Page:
The Convention on the Rights of the Child
The Beginnings of the Convention
In the absence of any legally binding text, it seemed difficult to effectively protect children’s rights. Thus, in 1978, Poland proposed the idea of a Convention on the Rights of the Child that would be legally binding for all nations.
The Polish Initiative
On February 7th, 1978, Poland presented the idea of a United Nations Convention on the Rights of the Child.
The bill consists of nineteen articles, of which ten are legislative, and nine procedural. In contrast to the prior Geneva Declaration, this Convention is supposed to be binding for states.
Seizing on the anniversary of the Geneva Declaration, Poland thought that such a Convention on the Rights of the Child would be able to be adopted from 1979 onward. In reality, it took ten years for a bill to gain the unanimous support of the international community.
1979: International Year of the Child
In order to promote awareness and to encourage states to act towards the protection and the assurance of children’s rights, the United Nations declared 1979 the “International Year of the Child”.
The Working Group
In the spring of 1979, the Commission on Human Rights decided to create a working group charged with writing this future Convention on the Rights of the Child.
What made this working group special was that it was composed of an unlimited number of members, associated with organizations including the United Nations Children’s Fund (UNICEF), different non-governmental organizations (NGOs), and the forty-eight member states of the Commission on Human Rights.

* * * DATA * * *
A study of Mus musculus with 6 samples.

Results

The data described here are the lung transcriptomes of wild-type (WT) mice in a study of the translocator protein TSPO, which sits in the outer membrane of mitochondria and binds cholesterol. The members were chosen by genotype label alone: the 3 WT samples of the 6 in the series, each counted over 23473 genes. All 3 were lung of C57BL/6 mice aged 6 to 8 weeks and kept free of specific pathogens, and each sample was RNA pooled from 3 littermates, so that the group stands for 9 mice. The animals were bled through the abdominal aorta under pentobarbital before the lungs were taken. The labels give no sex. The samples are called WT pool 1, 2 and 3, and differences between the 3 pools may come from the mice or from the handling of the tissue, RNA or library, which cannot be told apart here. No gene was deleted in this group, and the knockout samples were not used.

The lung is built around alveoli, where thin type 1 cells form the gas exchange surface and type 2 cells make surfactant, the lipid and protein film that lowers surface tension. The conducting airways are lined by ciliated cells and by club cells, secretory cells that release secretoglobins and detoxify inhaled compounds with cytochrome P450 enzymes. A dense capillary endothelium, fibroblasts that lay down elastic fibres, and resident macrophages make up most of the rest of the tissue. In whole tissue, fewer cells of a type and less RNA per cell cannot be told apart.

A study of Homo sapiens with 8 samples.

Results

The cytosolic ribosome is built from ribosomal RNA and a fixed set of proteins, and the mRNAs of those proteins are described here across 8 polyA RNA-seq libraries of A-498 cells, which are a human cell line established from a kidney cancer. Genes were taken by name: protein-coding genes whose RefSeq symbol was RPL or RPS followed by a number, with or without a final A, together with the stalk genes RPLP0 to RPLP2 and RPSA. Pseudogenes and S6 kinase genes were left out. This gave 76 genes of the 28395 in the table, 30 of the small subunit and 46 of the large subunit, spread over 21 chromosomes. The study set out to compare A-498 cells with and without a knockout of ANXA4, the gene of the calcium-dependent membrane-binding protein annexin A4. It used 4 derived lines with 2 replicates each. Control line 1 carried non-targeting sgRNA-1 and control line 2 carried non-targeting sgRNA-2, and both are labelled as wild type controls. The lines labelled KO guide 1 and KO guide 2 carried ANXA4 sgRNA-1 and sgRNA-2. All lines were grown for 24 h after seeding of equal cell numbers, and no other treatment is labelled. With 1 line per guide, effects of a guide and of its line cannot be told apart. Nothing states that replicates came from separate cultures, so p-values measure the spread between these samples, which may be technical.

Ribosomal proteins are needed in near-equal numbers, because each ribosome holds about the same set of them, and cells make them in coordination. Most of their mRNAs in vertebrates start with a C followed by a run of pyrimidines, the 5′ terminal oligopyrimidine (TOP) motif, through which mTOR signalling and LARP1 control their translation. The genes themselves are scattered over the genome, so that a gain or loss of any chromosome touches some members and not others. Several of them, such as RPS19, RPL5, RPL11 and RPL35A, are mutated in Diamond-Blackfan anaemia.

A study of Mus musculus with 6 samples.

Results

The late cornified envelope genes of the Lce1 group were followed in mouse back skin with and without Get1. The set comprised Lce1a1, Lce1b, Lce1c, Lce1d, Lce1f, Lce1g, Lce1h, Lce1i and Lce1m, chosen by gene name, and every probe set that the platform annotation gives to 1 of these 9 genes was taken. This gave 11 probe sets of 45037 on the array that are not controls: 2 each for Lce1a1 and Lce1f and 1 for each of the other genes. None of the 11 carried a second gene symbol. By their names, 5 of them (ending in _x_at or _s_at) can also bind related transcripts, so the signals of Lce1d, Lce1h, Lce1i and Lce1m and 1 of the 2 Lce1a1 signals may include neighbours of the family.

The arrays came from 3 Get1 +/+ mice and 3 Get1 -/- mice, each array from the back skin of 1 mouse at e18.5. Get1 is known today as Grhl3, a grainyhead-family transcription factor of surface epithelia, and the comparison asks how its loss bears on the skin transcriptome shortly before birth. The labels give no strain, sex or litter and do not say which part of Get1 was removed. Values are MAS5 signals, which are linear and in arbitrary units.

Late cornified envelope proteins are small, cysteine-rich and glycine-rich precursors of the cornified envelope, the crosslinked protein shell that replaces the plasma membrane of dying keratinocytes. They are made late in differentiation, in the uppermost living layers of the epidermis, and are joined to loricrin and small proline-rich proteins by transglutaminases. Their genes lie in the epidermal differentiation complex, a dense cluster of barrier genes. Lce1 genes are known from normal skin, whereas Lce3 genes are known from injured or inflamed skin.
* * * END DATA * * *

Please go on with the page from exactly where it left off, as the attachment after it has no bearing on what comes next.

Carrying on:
This working group met once per year in Geneva, Switzerland. The system by which the bill was written was one of consensus and political compromise, in order to achieve unanimity.
Though this system allowed it to better satisfy each government, it removed a number of details, and was thus criticized by lawyers for not following a pure legal logic.
Technical Revision of the Proposed Convention
In 1988, the legal bureau of the United Nations carried out a technical revision of the proposed Convention, to submit its remarks to the working group, so that the bill would be compatible with the other international instruments guaranteeing and protecting human rights.
The Adoption of the Convention
On November 20th, 1989, the General Assembly of the United Nations adopted the Convention on the Rights of the Child as part of Resolution 44/25.
The adoption of the Convention put an end to a process lasting almost ten years.